Man Convicted in 2020 Long Beach Shooting That Left Bystander Dead

Man Convicted in 2020 Long Beach Shooting That Left Bystander Dead

The Deukmejian Courthouse on Magnolia Avenue in Long Beach in February 2024. (Google Maps/Screenshot via California Insider)

City News Service
City News Service

4/24/2024

Updated: 4/24/2024

A jury found Jacquise Wright, 34, of Long Beach guilty of first-degree murder for the Dec. 4, 2020, shooting that left Alejandra Martinez dead, along with one count each of attempted murder, assault with a semiautomatic firearm and shooting from a motor vehicle, according to Deputy District Attorney Robert Song.
Wright is due back in court July 8 for sentencing.
Co-defendant Tyquan Benson, 28, also of Long Beach was convicted in July of the same charges, along with being a felon in possession of a firearm. He was sentenced in October to 50 years to life plus 17 years and eight months in state prison.
During Wright’s trial, the prosecutor told jurors that Martinez—a 36-year-old mother of three— had stopped at a taco truck after work and was fatally shot in crossfire created by Wright and Benson while a group of people were “boxed in and trapped” in the parking lot near Magnolia Avenue and Anaheim Street.
Song said it was “clear that one of two people killed Alejandra Martinez,“ telling the panel that it was “very clear” that it was either Benson or Wright who he said fired from separate vehicles after a confrontation with gang rivals.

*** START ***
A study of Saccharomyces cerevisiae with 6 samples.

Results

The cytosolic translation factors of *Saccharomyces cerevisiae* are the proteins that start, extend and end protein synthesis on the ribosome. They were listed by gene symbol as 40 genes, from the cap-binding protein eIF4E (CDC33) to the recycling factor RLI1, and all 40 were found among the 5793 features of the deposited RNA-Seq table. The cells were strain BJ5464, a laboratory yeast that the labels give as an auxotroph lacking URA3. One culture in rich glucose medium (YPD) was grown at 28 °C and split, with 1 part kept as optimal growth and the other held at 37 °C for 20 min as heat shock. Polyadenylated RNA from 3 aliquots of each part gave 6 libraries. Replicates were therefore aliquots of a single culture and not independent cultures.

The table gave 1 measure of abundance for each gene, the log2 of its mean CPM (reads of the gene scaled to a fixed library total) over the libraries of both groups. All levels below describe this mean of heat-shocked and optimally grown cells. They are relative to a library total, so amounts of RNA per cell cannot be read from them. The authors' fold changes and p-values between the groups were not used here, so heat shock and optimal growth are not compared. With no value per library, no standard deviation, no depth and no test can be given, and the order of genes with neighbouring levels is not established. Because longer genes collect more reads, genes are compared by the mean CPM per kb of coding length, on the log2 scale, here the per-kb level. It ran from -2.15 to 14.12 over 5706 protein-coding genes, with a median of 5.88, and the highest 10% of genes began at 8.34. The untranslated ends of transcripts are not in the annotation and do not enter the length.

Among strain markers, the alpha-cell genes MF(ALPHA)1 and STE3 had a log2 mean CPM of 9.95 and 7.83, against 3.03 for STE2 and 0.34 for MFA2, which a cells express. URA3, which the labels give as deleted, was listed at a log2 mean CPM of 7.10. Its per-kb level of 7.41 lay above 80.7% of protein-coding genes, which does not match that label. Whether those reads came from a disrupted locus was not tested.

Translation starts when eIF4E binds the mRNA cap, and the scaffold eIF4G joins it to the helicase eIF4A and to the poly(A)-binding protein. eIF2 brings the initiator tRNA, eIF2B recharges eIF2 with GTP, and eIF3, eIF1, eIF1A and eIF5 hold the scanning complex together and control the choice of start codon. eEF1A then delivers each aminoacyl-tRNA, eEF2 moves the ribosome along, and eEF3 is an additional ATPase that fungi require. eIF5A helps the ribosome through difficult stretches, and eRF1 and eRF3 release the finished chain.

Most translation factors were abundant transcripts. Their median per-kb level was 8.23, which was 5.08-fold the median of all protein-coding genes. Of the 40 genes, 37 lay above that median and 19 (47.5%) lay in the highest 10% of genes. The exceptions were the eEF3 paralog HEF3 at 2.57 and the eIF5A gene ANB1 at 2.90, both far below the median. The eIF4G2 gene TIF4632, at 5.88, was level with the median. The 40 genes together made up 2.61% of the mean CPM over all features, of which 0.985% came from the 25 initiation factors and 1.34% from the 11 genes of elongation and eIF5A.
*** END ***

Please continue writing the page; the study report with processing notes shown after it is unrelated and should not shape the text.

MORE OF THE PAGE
“Even though we cannot definitely say which person shot [her] ... in either scenario, you can find him guilty of murder,” the deputy district attorney said in his closing argument.
A third shooter, whose identity is unknown, fired from the back of the taco truck in what was an apparent attempt to fire back at Benson as he left the parking lot, but was in the wrong position to have shot and killed Martinez, the prosecutor said.
Defense attorney George Moyer countered that Wright “did not shoot a firearm” and did not kill Martinez.
He said Wright tried to ease tensions with people who might have been rivals in gang territory and attempted to avoid conflict and get the food the men had ordered.
Wright’s lawyer called Benson a “hothead“ and told jurors that being associated with him “doesn’t make Jacquise Wright guilty.”
Wright’s attorney said the evidence “all points toward Jacquise Wright’s innocence.”
In a statement released shortly after the shooting, the Long Beach Police Department said detectives believed a gang-related dispute escalated into a shooting and that “the victim was not the intended target.”
A female juvenile was also struck in the upper body but recovered, police said.
Wright and Benson were arrested about 2 1/2 months after the shooting and have remained behind bars since.